THE BLOG
06/11/2014 07:28 pm ET | Updated Feb 02, 2016

We Can't Forget About Gay Literature

Nikki Bidgood via Getty Images

Growing up, I lived inside my head. When I wasn't creating worlds with Legos, I spent my time reading, slipping into the lives of the characters in my books. So often on my own, it was through these substitutes that I set out on adventures, that I discovered my heroes. Given today's youth -- overstimulated and overindulged -- it's easy to understand why mainstream portrayal and development of gay characters is mainly seen in music, television, film, children's books and even comic books. It's important to represent gays as individuals in the media to which young people most often turn. For me, however, as I began to discover my same-sex attractions, it was in the pages lining my bookshelves and the men and women behind their words that I sought guidance.

I uncovered traces of what I was looking for in E. M. Forster, Christopher Isherwood and Oscar Wilde, but I found it impossible to extricate the men and their stories from their real-life tragedies and disappointments. Living through times of unbearable stigma and oppression, their work is heavily imbued with echoes of a much darker time in our history. Even Maurice, which ends happily, is overshadowed by a hate-filled society with legal repercussions for homosexuality, and by the sad fact that Forster didn't dare publish the work during his own lifetime.

We all need role models with whom we can identify, to whom we can look for examples on how to live. Of those I look up to most, some I know personally, some are fictional, some I follow from afar, and some are gay. As gay men, we come in all shapes and sizes, with every conceivable interest, phobia and disposition. At this pivotal moment of our civil rights, it's often necessary to loudly proclaim our sexuality, but we are so much more than the clichés that surround our orientation. The one thing that we necessarily have in common is that we're all attracted to men. While all our role models need not meet that characteristic, we do need people to look up to with whom we can relate on such a central facet of our being.

Young people, gay and otherwise, need to see gay people as no different from anyone else, to see them in scenarios that characterize the lives of human beings as a whole. Such examples can be found anywhere -- and increasingly are -- and ought to be found everywhere. Unfortunately, for those like me, who looked to literature for a guiding light, the terrain was too often depressingly barren.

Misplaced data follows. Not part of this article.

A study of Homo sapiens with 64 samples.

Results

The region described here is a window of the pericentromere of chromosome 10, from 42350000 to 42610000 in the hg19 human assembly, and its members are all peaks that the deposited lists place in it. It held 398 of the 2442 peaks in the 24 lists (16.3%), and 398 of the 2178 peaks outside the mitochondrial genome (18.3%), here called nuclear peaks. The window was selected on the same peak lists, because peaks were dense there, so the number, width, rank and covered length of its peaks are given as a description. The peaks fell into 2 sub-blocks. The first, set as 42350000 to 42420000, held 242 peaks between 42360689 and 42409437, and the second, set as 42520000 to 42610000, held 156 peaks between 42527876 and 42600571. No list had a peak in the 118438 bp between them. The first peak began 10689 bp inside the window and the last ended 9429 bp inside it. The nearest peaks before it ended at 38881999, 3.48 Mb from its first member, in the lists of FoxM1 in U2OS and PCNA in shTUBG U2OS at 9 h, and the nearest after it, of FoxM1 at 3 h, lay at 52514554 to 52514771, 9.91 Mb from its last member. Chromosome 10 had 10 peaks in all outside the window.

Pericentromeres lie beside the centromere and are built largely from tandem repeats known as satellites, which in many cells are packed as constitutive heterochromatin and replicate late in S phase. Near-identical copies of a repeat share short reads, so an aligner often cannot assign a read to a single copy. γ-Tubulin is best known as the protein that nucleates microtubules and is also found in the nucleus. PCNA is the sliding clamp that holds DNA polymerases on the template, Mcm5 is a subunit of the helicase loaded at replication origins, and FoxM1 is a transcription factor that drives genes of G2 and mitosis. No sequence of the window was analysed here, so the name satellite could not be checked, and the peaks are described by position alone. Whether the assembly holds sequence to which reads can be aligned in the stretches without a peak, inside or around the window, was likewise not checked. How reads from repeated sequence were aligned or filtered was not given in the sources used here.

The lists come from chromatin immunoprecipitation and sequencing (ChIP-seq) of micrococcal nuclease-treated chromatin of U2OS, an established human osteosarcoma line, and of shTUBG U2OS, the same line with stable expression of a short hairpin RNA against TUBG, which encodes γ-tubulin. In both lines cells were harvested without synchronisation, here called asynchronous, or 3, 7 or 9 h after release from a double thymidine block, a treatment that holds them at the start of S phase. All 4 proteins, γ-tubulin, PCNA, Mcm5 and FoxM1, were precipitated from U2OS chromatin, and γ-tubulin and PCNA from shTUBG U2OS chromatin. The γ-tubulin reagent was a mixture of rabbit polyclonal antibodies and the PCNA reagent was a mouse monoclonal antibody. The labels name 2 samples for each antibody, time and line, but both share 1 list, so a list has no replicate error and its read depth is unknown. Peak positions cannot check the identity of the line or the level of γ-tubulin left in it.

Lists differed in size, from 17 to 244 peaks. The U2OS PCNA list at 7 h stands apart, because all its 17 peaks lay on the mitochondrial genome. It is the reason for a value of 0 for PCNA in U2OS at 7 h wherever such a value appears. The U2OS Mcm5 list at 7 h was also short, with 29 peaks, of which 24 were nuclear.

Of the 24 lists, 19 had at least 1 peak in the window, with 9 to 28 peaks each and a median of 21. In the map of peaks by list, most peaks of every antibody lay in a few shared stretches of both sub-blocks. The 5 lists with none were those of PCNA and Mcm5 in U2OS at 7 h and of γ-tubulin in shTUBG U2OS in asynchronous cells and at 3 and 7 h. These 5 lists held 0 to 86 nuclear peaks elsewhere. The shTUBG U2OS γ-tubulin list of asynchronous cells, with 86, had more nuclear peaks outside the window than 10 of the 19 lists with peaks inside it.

When I read, I lose myself in the world the author weaves -- but only to an extent. At the turn of every page, I'm confronted with the fact that I'm different, that I don't fit into the heteronormative narrative. To fully relate, I need to consciously change the situation to fit my own homosexual life experience.

The beauty of literature is the freedom it gives the reader to imagine, but the demands upon my imagination are necessarily tougher on account of my sexuality. I can of course identify with straight people, but the lack of quality work depicting gay characters meant for a long time that I wasn't given the opportunity to place myself fully within the story. I want to experience the love-fueled delusion that drove Gatsby's life; I want to feel the devotion that kept Sofia by Raskalnikov's prison gates; I want to breathe Emma Bovary's euphoric daydreams of marriage, and the turmoil that drove her to adultery. I want to read a story not about gay people but one in which the people happen to be gay. I want to read a story about the struggles not of gay life but of life in general. No clichés, nothing stereotypical. Sexuality need not affect the plot any more than the object of love and loss. I want literature in which gay people are portrayed as we truly and simply are -- men who like men.

It's been inspiring to see the way things have begun to change. As organizations like Lambda Literary raise the visibility of LGBT literature, authors have been simultaneously stepping up to fill the glaring void. Writers such as Caleb Crain and Damian Barr have amassed international praise, and in works like theirs I've finally found what I needed in my adolescence. Print isn't dead -- there will always be people like me who look to it first and foremost -- and we can't forget the need for gay literary role models, whether within the pages of a novel or as driving forces behind the keyboard. We need literature with which we can identify on the single factor that happens to unite us all.